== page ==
Charles Gibson, ABC News
On THE MONEY TRAIL tonight, we look at how and why doctors
choose specific drugs for their patients. An overwhelming
majority of doctors simply choose the drug they think will
work best. But the US Attorney in Boston is investigating a
case in which it is alleged one drug company helped doctors
make huge profits if those doctors would prescribe the company’s
drug. Here’s ABC’s chief investigative correspondent,
BRIAN ROSS, ABC NEWS
(VO) This Lewiston, Maine, urologist is one of four doctors
indicted in a sweeping federal investigation of how a major
pharmaceutical company allegedly offered big money to get
doctors to prescribe a cancer drug called Lupron.
(OC) Can we talk to you just for a second about…
DR. JOEL OLSTEIN
(PH) Well, I really don’t think so.
(VO) According to the indictment, Dr. Joel Olstein, who
says he is cooperating with authorities, made tens of
thousands of dollars by taking free samples from drug company
representatives and then billing insurance companies and
Medicare for the full price. And according to authorities, it
was all part of a campaign by the makers of Lupron to get
doctors to prescribe the effective but costly prostate cancer
drug instead of its less expensive competitor.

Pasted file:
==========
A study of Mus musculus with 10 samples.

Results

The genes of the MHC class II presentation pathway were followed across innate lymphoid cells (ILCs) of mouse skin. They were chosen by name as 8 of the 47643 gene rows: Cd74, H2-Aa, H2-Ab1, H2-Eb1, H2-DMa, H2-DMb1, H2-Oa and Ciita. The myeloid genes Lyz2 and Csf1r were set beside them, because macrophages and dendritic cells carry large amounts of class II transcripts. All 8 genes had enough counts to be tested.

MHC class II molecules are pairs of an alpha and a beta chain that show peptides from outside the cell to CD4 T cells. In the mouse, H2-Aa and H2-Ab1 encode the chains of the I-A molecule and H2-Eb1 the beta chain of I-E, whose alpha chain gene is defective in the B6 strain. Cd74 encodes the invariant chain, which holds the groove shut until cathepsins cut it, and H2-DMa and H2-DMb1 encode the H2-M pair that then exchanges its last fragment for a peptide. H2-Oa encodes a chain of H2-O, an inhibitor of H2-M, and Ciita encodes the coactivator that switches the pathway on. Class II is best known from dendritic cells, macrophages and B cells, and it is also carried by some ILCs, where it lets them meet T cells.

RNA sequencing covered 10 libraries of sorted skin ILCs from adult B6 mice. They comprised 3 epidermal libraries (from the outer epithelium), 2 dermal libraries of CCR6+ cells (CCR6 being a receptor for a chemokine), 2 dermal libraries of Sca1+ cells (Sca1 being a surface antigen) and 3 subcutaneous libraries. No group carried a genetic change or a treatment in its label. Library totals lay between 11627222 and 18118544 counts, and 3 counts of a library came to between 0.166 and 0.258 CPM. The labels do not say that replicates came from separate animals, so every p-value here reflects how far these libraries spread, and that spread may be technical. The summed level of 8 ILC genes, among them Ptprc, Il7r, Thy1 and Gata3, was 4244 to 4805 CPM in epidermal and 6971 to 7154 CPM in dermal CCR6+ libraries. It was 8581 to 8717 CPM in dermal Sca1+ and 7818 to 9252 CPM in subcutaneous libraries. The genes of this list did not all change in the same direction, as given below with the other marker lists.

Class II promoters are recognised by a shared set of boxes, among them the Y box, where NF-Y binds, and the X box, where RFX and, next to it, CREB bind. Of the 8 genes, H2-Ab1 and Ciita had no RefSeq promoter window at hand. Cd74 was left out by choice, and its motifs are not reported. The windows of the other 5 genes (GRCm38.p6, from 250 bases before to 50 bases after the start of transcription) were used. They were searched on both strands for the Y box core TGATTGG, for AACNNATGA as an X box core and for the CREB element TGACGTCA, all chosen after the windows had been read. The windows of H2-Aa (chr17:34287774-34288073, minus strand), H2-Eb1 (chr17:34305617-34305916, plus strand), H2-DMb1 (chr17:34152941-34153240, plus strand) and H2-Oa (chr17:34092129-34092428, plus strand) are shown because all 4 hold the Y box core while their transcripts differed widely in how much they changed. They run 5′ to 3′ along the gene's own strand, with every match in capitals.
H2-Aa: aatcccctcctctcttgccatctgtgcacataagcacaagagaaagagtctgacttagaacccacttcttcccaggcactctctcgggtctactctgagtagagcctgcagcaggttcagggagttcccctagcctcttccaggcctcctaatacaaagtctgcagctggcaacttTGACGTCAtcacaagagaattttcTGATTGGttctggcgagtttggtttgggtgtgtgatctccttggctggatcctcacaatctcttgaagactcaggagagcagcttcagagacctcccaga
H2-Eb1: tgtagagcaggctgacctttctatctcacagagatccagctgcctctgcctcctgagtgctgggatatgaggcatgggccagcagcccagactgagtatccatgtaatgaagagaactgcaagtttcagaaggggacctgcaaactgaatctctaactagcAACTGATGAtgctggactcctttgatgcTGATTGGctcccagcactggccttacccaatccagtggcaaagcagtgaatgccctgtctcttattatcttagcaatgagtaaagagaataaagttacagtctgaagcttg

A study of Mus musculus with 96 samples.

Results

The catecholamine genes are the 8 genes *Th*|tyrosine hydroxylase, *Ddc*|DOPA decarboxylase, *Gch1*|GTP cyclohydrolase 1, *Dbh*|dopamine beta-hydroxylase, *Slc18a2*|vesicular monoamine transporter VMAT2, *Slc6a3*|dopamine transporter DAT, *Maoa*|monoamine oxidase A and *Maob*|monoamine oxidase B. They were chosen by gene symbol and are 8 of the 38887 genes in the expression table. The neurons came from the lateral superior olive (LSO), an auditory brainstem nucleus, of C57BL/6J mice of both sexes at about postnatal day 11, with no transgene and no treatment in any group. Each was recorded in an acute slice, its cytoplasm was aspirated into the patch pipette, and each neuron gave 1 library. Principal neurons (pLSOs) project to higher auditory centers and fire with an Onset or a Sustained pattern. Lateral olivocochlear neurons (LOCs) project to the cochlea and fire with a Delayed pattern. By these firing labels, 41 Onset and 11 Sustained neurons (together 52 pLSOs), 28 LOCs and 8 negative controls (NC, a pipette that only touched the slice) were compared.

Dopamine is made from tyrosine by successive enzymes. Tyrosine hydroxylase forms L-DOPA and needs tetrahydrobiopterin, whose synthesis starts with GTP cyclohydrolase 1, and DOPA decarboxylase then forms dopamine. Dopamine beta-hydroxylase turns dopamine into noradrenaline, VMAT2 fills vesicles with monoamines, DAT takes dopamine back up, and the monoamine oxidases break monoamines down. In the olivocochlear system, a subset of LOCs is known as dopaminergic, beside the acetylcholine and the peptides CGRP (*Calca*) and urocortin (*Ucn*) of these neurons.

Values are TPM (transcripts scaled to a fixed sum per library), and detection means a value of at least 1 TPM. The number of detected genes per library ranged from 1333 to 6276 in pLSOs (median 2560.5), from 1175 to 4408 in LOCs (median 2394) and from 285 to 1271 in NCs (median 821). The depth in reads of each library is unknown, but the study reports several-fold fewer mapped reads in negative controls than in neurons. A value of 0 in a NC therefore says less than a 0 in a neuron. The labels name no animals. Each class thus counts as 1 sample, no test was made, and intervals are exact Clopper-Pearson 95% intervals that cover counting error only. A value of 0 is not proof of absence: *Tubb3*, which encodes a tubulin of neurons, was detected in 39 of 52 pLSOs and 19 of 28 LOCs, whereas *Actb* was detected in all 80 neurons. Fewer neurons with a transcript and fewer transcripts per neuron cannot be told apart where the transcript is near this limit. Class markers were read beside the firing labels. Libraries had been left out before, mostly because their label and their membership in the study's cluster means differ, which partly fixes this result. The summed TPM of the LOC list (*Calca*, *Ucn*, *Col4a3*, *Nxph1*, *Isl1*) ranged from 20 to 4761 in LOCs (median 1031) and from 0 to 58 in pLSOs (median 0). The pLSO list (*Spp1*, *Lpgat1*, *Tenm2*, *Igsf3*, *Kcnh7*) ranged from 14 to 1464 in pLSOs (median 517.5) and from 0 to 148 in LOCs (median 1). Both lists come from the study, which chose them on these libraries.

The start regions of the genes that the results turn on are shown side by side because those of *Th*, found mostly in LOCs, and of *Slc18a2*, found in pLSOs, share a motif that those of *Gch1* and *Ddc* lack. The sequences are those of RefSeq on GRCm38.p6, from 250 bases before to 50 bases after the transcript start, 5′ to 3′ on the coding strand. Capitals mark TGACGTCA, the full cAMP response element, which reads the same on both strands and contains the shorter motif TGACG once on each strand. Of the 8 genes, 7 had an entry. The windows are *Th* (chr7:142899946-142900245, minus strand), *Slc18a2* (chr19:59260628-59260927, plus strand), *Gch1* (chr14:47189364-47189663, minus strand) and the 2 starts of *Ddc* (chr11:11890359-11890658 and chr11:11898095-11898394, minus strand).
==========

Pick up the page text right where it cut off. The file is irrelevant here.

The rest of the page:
DR. GERALD WEISBERG
It’s bothersome to the extent that therapeutic decisions
could be influenced by personal financial gain.
(VO) The scheme was presented to thousands of doctors
across the country, according to Dr. Gerald Weisberg. He’s
the former head of clinical research for Lupron at the TAP
Pharmaceutical Company in suburban Chicago, and has told
federal authorities that the company concluded that many
doctors cared as much about profit as they did about how good
the drug was.
It was a pitch made on financial gain for physicians.
And that was widespread?
We are talking about schemes clearly implemented through
the efforts of persons in the TAP home office and then given
to the people out in the field.
(VO) Company officials say Dr. Weisberg is a disgruntled
employee who was fired. But internal company documents
obtained by ABC News reveal the kind of pitch the company made
to doctors, including something called the Lupron Checkbook.
It was designed to show doctors how they could make huge
profits by purchasing Lupron at substantial discounts and
billing health insurers for them at the full price, a secret
arrangement the patients were never intended to know.
DR. ARNOLD RELMAN, Harvard Medical School
And what it says is, "Doctor, how much do I have to
give you in order to persuade you that my drug or my treatment
is better than the other fellow’s drug or – or better than
no drug at all?"
The Lupron investigation is a case that has closely been
watched and it may reveal a great deal about how big drug
company tactics can drive up prices and influence medical
judgments. Brian Ross, ABC News, New York.